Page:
May 25, 2018 07:15 AM EDT

Ground-dwelling birds survived, eventually going on to be the ancestors of all existing birds in the planet today.

Researchers shared these groundbreaking new findings in a study published in the journal Current Biology. The team analyzed fossil samples in hopes of piecing together what the world was like in the aftermath of the asteroid crash.

The Survival Of The Ground-Dwellers

Part of the devastation of the mass extinction event was the heat decimating entire forests and igniting forest fires throughout the planet, according to CNN. With soot completely blanketing the atmosphere, plants were unable to grow back.

Their habitats completely gone, the birds that lived among the trees faded into extinction.

Most of the bird species that survived, the researchers say, live on the ground. Smaller species reportedly lived off seeds, grains, and insects that were left post-impact. It's very similar to the diet of modern birds with a small stature.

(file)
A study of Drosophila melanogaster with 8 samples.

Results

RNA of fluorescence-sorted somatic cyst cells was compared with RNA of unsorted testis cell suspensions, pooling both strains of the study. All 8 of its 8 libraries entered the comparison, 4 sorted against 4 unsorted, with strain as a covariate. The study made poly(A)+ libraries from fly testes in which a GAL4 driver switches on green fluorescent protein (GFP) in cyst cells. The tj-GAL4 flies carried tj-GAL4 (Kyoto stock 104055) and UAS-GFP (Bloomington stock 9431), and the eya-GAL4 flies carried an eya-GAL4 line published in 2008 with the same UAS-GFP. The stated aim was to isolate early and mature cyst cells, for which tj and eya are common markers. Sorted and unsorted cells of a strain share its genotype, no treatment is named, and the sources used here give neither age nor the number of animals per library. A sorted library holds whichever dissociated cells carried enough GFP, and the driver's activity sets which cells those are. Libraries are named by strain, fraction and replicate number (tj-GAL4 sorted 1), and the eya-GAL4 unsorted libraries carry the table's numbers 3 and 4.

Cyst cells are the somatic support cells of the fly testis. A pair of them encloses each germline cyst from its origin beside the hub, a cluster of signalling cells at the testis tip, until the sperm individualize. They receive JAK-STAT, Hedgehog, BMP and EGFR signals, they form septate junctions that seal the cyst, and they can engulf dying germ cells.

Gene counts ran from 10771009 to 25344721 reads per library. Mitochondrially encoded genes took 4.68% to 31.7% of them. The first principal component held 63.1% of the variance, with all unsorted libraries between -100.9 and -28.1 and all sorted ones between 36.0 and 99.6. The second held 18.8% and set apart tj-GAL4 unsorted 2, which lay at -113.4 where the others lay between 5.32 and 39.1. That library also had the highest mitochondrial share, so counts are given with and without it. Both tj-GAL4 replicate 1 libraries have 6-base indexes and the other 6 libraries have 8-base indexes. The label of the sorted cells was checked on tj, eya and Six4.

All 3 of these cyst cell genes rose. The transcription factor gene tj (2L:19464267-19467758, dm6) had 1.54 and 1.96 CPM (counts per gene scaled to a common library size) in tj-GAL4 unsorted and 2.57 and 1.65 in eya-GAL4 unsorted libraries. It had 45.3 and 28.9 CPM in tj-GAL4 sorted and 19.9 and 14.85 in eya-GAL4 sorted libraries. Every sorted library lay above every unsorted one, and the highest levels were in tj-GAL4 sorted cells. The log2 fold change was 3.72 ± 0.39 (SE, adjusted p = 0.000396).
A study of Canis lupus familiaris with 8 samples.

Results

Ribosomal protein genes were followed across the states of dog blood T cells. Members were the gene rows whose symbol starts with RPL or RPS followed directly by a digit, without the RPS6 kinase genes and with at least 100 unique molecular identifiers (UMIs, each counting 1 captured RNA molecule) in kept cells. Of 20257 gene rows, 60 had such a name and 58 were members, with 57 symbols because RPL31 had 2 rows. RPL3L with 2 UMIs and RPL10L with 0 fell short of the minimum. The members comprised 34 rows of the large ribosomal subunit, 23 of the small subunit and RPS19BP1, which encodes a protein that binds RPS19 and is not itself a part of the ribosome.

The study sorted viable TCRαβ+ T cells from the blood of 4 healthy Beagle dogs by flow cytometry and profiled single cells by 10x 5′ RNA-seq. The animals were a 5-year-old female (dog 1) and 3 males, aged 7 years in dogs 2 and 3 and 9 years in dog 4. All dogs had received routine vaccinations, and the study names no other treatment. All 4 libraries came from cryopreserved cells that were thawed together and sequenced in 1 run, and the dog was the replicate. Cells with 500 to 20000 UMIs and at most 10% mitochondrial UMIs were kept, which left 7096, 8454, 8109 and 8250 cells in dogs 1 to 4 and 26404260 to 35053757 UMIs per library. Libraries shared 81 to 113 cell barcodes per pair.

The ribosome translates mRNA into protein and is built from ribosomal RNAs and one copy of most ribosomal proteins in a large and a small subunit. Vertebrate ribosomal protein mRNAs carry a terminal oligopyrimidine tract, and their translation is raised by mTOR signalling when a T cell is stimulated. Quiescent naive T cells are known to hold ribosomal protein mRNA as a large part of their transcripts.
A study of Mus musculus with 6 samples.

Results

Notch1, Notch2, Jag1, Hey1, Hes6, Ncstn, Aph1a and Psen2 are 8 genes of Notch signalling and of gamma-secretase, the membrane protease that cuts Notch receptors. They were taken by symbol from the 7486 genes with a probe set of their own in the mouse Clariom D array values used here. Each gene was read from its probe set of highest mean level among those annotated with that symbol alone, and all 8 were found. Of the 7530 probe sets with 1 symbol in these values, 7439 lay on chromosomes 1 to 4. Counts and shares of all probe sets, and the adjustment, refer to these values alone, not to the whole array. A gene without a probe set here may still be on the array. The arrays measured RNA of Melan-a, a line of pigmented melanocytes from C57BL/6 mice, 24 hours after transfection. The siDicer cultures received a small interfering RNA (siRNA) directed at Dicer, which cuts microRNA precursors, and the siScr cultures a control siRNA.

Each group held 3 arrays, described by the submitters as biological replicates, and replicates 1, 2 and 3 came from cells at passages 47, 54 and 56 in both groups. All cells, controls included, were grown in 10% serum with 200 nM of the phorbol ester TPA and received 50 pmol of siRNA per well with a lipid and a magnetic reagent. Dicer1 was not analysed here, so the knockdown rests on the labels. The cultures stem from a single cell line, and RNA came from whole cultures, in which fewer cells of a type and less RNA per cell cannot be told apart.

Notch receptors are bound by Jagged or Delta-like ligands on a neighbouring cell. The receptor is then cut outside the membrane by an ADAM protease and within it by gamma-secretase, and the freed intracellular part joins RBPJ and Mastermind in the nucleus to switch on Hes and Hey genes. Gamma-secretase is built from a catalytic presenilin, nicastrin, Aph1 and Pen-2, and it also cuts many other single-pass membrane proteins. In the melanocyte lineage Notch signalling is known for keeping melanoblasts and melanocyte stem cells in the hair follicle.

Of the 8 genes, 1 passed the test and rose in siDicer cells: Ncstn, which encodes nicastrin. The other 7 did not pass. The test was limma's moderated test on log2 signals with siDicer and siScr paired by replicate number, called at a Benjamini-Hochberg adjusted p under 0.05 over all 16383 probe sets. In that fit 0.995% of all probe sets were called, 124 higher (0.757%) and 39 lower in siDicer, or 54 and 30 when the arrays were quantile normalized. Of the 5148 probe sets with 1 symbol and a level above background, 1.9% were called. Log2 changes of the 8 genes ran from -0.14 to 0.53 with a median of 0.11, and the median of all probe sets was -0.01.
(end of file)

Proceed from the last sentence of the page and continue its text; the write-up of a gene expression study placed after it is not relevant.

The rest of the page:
Fossils also provided details on the legs of the surviving birds, which are long and strong, like the ones found on flightless birds that walk the ground today: emus and kiwis.

"Today, birds are the most diverse and globally widespread group of terrestrial vertebrate animals — there are nearly 11,000 living species," Daniel Field, lead study author and evolutionary paleontologist at the University of Bath's Milner Centre for Evolution, says in a statement in CNN. "Only a handful of ancestral bird lineages succeeded in surviving the mass extinction event 66 million years ago, and all of today's amazing living bird diversity can be traced to these ancient survivors."

What Critics Say

"It's a great idea, but we need to get over this one-answer-for-everything way of thinking," Jingmai O'Connor, from the Institute of Vertebrate Paleontology and Paleoanthropology in Beijing, says. "No one factor caused the end-Cretaceous extinction and similarly no one factor caused the extinctions within [the birds]."

IVPP colleague Zhonghe Zhou agrees, saying more fossil evidence is necessary to support Field's hypothesis.

Even Field acknowledges that the destruction of their forest habitat isn't the only factor that killed off birds in trees. One other factor is the tendency of smaller species to survive because their dietary requirements are easier to fulfill. An efficient digestive system may also be one reason as well as certain reproductive properties.